Dear friends – are you ready for yet another uniquely demanding holiday season? I'm definitely not. Last year the need for both safety and vigilance was pretty urgent. This year, with the Delta variant and Omicron rising, it's gotten even more complicated. Pack on top of that the usual holiday stress. Buying, wrapping, gifting and planning family events that often present their own unique challenges. And make sure to include your own personal challenges. Mine? A sick elder dog, a grumpy neighbor, a bear in the garbage can, crushing deadline work, family dramas, and how I look in the bedroom mirror at 7 a.m. I'm sure some of your challenges make mine look like a picnic in June. But whatever the degree of stress, we mere humans carry a lot of baggage into a season that's supposed to be brimming with peace, love, and good cheer.
Fortunately, one of my regular jobs puts me in contact with a group of highly trained and experienced experts on the topic of managing the challenges of being human rather than, say, being a dog who can find something to wag its tail about at the drop of a crumb. Or a cat who gets its own way nearly all of the time. I work in communications for an association of psychiatrists, and I asked one of my favorite docs about the dilemma many of us are facing. Shannon Suo, MD, is doubled-boarded in psychiatry and family medicine. Here are her practical tips on how mere mortals can manage holiday stress disorder decorated with a mutating, never-ending virus:
Me: How can people already under stress from the pandemic respond in healthy ways to the demands of the upcoming Holiday season?
Dr. Suo: Figure out what your limits are, and feel free to let others know. There's great power in saying "no," and people understand.
Me: How can people take care of themselves throughout the next several weeks?
Dr. Suo: Pay attention to what restores you; what "recharges" your battery? Being with people? Being by yourself? Listening to music? Exercising? Sleeping? What "drains" your battery? Do more of the first and limit what you do of the second. Again, feel free to say "no."
Me: Can I make other people happy when I don't feel so happy myself?
Dr. Suo: You can, and you might find that helping other people feel better makes you feel better yourself. Only extend yourself as far as you can reach without exhausting yourself. If you're draining your battery more than you're recharging, you're going to exhaust yourself.
Me: What actually is stress, and is it good or bad?
Dr. Suo: "Stress" is often self-defined. Merriam-Webster defines stress as "mental tension and worry caused by problems...something that causes strong feelings of worry or anxiety...physical force or pressure." If you think about the last one -"force or pressure" - stress can be productive. Many of us work better with a deadline, for example. Athletes and performers may choke under pressure or can perform better. Most of the time, we think of stress as bad, but stress is usually due to change, real or anticipated. And change is inevitable. Consider the Serenity Prayer: God (higher power or not, your choice), grant me the serenity to accept the things I cannot change, Courage to change the things I can, and Wisdom to know the difference." Acceptance of change is one of the hardest things human beings can attempt, but it is the lack of acceptance that often causes mental tension and worry. Chronic stress or repeated incidents of acute stress have been shown to alter brain chemistry and lead to increased risk for depression, anxiety, substance abuse, and suicide. So recognizing when one has the ability to change something for the better, for oneself, or for others is also critically important. Especially when making that change will relieve the "tension and worry" at least for a while or even permanently.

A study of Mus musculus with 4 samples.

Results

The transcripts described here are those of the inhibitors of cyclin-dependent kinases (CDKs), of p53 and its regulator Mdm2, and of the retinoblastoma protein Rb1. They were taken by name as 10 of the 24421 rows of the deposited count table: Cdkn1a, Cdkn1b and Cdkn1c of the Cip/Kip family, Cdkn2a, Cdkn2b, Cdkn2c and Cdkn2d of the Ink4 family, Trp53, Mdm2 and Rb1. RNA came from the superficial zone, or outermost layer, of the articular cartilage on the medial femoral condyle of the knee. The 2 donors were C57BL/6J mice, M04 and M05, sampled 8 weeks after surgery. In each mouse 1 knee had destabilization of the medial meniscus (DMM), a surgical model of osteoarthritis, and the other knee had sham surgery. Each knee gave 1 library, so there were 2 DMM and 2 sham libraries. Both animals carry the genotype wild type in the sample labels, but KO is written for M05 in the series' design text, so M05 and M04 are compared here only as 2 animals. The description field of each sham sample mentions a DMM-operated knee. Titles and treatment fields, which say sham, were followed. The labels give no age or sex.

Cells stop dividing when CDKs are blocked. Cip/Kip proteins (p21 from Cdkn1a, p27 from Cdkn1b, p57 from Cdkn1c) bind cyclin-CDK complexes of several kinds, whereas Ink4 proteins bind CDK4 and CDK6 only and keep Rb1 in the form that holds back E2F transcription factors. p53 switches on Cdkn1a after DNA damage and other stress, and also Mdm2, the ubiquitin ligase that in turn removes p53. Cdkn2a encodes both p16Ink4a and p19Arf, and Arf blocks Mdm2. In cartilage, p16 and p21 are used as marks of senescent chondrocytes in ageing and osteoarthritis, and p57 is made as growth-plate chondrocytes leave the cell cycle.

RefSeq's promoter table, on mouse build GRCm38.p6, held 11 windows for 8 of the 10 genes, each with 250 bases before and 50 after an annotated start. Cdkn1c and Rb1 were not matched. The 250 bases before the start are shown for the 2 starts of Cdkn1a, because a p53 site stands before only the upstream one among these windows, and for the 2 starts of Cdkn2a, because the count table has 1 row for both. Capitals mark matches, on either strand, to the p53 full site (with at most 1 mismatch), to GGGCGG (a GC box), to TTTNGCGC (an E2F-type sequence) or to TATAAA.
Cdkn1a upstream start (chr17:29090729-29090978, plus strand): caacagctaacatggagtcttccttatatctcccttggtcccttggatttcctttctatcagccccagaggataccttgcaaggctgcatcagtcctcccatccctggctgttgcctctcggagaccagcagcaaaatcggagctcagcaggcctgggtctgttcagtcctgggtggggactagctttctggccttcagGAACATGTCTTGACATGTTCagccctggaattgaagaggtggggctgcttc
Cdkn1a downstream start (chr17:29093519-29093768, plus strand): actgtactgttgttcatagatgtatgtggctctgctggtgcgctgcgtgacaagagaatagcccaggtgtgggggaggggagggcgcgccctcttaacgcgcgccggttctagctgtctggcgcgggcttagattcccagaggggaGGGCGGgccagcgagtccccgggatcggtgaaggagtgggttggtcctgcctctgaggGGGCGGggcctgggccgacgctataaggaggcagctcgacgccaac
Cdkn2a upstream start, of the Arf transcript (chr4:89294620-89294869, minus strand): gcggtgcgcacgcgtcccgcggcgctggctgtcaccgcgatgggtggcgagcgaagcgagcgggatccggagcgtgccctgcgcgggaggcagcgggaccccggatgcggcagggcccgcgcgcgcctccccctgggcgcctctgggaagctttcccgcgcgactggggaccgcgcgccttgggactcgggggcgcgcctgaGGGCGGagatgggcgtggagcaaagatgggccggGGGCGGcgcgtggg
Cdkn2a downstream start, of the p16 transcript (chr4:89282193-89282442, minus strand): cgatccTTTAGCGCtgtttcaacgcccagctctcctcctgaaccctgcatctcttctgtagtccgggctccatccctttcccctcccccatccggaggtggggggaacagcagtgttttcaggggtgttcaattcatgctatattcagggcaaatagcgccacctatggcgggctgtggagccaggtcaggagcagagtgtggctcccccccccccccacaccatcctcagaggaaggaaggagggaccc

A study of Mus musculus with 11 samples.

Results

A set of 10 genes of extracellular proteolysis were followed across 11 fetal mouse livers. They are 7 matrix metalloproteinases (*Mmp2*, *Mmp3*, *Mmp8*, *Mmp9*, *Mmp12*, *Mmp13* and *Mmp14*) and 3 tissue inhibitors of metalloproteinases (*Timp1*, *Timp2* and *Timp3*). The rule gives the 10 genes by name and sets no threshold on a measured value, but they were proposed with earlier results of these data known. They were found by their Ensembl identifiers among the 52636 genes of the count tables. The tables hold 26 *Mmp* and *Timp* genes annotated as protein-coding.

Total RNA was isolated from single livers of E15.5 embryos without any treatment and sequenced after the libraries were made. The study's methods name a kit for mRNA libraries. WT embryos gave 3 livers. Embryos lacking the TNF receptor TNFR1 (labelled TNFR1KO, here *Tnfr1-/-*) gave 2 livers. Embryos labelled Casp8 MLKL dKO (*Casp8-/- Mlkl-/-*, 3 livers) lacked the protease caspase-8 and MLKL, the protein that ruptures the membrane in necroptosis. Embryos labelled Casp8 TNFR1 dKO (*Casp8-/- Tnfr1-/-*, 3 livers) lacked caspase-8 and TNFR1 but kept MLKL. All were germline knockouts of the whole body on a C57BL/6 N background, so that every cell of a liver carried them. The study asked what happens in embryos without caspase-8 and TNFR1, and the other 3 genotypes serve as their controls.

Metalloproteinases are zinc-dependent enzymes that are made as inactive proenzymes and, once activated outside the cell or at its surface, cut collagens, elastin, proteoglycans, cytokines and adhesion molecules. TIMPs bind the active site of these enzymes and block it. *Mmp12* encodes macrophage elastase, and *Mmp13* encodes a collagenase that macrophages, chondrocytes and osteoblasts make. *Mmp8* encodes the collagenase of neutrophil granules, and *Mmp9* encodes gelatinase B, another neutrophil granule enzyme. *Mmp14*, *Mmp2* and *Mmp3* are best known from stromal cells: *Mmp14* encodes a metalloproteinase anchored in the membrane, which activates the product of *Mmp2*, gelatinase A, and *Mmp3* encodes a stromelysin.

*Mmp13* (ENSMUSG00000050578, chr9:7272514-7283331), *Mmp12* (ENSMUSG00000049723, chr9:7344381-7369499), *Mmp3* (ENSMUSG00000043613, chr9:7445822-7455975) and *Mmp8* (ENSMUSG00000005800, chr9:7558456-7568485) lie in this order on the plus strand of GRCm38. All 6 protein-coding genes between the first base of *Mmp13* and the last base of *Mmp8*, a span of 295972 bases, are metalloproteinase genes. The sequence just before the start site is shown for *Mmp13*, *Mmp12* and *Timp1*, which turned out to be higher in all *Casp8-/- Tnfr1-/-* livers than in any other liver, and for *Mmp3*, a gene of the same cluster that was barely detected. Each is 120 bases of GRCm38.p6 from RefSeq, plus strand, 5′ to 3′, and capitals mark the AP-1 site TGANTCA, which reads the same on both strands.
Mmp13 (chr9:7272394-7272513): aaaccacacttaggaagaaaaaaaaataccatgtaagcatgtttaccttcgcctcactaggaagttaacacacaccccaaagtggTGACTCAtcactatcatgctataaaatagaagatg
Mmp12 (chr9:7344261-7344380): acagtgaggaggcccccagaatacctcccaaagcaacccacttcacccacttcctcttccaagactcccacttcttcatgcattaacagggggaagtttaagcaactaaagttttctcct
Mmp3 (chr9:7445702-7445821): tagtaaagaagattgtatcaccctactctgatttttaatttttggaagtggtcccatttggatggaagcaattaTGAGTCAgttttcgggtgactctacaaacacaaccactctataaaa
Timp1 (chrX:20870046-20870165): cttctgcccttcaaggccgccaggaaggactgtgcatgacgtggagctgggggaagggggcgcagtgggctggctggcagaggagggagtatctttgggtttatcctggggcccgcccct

Me: Do you have suggestions on ways to handle difficult family relationships at get-togethers?
Dr. Suo: Set a time limit for how long you'll stay. Ask another friend or family member to help extricate you after a certain time or under certain circumstances. Use a code word or signal when you need help. Steer clear of hot topics if you know it's going to stir up emotions. Accept your family members for who they are, and don't expect them to change. If you can't accept them, don't engage with them or simply limit your interactions. This may involve making a tough choice between seeing family members you do enjoy spending time with, But don't set ultimatums and put those family members in the stressful position of having to choose between the two of you. Decline their invitation and let them know why if they ask. Have another family member who likes to stir the pot? Have a talk with them and ask them to back off; be honest about the effects that it has on you. Chances are they're not thinking about how their actions affect other people. Even if they're offended, knowing how it affects you (don't try to speak for other people) may give them pause or sink in later.
Okay – let me admit that I have already called on this advice on at least one occasion (that being the daily event in the mirror – where I'm confronted with the need to accept that change is inevitable and that I still am more attractive than an ostrich). I hope a snippet of Dr. Suo's advice is helpful to you as well.
Dear Readers – if you have any advice on handling holiday season stress disorder (a condition I just added to my list of complaints) – kindly pass along to me at email@example.com. And thanks to those of you who share my blog with friends - it's how I can continue to grow my subscriber list. I respect and appreciate all your help and input!